Roses are Red, Violets are Blue, However in Marketing Not Just Any Color Will Do

 

Image credit: Sergey Shenderovsky / Shutterstock.com

Are you feeling a little blue? Or perhaps you are feeling you’re in the pink? Color is frequently associated with our moods and how we feel about a topic of discussion or to elaborate on the day’s experiences. While many of these associations can be explained through personal preference, learned behavior or a result of individual culture and experience, some research studies have shown a valid correlation of color to personal motivation and behavior.  An Institute for Color Research’s study found that 92.6 percent of people surveyed said that color was the most important factor when purchasing products, and consumers’ subconscious judgment about products is influenced in 62 percent to 90 percent of cases by color alone.

Some colors can attribute the impact on behavior because of the nearly universal utilization to elicit an unchallenged response. Red, for instance, is the most commanding color of attention, perhaps due to societal utilization of the color red for everything from stop signs, fire trucks and flashing emergency lights. People have been pre-disposed to recognize and react to anything displayed red. It says, “This is important, pay attention!”  Forty-two percent more signs and advertisements are read when the color red is used, and comprehension of the message is increased as well.

Color also plays a major role in product identification. Tomato ketchup apparently is preordained to be red, in part because ripened tomatoes are mostly perceived as being red. Just ask Heinz, who discovered the public’s inherent relationship of the color red and ketchup. In an effort to excite and attract a younger consumer by making ketchup available in various colors, the marketers of fifty-seven varieties soon learned of the special relationship of red to consumers; perception of the product. Can we imagine a brown-colored Pepto Bismol?  How soothing is that perception? Marketers commonly use certain colors because those colors elicit generally accepted emotions.  While many of us react differently, most of us react in a similar way to the paring of colors to products. But there are broader messaging patterns to be found in color perceptions.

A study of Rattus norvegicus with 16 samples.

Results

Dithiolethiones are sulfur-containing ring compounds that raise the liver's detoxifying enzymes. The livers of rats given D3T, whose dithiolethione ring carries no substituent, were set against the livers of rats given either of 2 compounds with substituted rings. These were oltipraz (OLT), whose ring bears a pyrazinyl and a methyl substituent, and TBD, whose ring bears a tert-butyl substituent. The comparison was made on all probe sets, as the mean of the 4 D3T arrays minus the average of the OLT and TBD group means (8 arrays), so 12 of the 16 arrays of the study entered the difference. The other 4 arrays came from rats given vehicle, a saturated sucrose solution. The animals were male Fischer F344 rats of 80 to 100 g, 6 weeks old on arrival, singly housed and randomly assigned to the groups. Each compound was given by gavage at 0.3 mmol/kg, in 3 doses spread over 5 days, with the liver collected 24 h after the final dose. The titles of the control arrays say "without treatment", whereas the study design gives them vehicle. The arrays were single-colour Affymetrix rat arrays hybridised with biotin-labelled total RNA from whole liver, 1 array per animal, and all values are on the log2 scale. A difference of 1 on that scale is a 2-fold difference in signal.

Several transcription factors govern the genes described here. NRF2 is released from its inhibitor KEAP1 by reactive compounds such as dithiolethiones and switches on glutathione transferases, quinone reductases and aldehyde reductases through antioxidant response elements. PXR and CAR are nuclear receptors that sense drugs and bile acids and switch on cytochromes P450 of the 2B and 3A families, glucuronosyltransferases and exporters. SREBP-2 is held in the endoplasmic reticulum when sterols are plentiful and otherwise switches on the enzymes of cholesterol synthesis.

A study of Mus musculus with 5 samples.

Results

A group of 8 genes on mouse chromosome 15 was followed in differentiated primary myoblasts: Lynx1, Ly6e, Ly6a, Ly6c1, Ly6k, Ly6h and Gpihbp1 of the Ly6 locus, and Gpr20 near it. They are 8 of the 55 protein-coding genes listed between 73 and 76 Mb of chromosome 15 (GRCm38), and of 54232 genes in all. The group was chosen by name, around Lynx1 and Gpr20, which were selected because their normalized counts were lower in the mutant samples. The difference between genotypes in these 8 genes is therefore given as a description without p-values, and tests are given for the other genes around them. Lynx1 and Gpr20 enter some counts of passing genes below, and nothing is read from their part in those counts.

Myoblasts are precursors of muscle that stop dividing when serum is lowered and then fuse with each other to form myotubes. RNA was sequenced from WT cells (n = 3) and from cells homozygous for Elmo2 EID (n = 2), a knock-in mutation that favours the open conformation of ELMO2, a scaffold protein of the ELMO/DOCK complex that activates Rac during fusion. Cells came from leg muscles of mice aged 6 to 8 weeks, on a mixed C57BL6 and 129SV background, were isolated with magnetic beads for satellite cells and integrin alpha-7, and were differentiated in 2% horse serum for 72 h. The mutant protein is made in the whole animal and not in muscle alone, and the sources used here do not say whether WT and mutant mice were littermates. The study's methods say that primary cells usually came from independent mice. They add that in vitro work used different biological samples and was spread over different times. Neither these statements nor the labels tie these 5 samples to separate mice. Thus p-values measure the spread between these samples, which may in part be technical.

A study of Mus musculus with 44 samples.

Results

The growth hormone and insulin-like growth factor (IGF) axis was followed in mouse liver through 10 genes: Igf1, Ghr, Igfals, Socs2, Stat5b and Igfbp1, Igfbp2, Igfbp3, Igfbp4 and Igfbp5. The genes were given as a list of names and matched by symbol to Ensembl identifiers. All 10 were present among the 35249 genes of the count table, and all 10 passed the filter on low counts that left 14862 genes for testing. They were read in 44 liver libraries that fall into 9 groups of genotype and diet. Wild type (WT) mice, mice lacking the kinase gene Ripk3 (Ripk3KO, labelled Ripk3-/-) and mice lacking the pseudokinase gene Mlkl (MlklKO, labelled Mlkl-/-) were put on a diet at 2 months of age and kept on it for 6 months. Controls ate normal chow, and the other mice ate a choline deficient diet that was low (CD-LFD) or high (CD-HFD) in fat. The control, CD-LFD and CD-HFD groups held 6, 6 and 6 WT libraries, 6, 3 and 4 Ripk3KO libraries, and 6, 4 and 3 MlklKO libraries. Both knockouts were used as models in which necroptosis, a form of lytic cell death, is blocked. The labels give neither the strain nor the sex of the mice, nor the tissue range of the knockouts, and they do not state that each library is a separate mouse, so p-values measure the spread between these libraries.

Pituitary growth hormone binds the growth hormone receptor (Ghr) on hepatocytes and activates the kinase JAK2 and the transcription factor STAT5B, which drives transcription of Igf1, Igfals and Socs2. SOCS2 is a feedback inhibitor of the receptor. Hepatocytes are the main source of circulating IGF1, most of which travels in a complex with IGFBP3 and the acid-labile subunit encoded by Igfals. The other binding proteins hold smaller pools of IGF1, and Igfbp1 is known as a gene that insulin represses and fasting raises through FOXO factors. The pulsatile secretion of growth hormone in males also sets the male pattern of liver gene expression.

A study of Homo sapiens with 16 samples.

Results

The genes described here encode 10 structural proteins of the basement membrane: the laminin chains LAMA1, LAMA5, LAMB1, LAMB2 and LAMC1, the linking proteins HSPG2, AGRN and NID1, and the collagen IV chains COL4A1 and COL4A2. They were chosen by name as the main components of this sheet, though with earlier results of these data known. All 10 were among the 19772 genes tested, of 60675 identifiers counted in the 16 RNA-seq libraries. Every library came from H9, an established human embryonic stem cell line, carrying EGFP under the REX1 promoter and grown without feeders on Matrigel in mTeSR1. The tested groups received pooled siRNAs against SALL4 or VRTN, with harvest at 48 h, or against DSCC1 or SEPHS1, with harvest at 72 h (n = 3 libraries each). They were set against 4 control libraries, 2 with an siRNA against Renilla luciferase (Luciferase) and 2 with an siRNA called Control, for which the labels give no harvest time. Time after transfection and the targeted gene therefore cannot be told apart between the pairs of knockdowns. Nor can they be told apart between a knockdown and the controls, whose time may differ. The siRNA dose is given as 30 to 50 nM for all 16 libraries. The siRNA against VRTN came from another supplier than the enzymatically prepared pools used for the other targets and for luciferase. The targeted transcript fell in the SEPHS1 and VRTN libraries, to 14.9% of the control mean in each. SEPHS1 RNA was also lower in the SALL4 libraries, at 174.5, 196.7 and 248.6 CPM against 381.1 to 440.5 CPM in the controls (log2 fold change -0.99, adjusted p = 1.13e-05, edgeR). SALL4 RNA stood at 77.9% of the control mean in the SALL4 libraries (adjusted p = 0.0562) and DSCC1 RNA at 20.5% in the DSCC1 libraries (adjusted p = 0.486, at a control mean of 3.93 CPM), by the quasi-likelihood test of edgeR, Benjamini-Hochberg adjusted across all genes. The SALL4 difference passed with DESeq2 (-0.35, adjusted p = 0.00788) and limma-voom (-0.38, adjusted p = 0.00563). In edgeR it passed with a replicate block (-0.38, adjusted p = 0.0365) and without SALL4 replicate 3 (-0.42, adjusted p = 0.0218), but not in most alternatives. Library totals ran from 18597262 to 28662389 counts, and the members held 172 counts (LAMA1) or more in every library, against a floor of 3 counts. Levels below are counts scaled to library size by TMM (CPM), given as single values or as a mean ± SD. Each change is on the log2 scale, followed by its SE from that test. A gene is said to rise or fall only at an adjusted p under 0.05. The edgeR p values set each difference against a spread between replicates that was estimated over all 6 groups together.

Savvy marketers of digital advertising use colors to increase conversion and click-through rates on websites. By utilizing color to differentiate call-to-action buttons or links they are driving user-consumers to take actions and improve the conversation. Understanding how design and color can work together to influence and motivate consumer behavior is a key factor to effective and efficient messaging. Studies have revealed that color can often be the sole reason someone purchases a product. In one survey, 93 percent of buyers said they focus on visual appearance, and nearly 85 percent of respondents indicated that color was a primary reason in the decision to purchase.

Customers will only respond favorably and strongly to a brand if the right color is chosen to represent that brand’s personality, culture and menu of products.  In a study titled “Impact of Color in Marketing,” researchers found that up to 90% of snap judgments made about products was based on color alone.  Research has also found that predicting consumer reaction to color appropriateness in relation to the product is far more important than the individual color, and it is extremely important that new brands specifically target logo colors that ensure differentiation from entrenched competitors.

The psychological impact of color on human behavior is neither an exact nor a settled science. But the impact of color on consumer perceptions and motivations is undeniable. So, while roses may be red and violets may be blue, in all things marketing not just any color will do.

To learn more on how color can influence purchasing behavior and enhance a brand’s identity, contact Junction Creative Solutions (Junction) at 678-686-1125.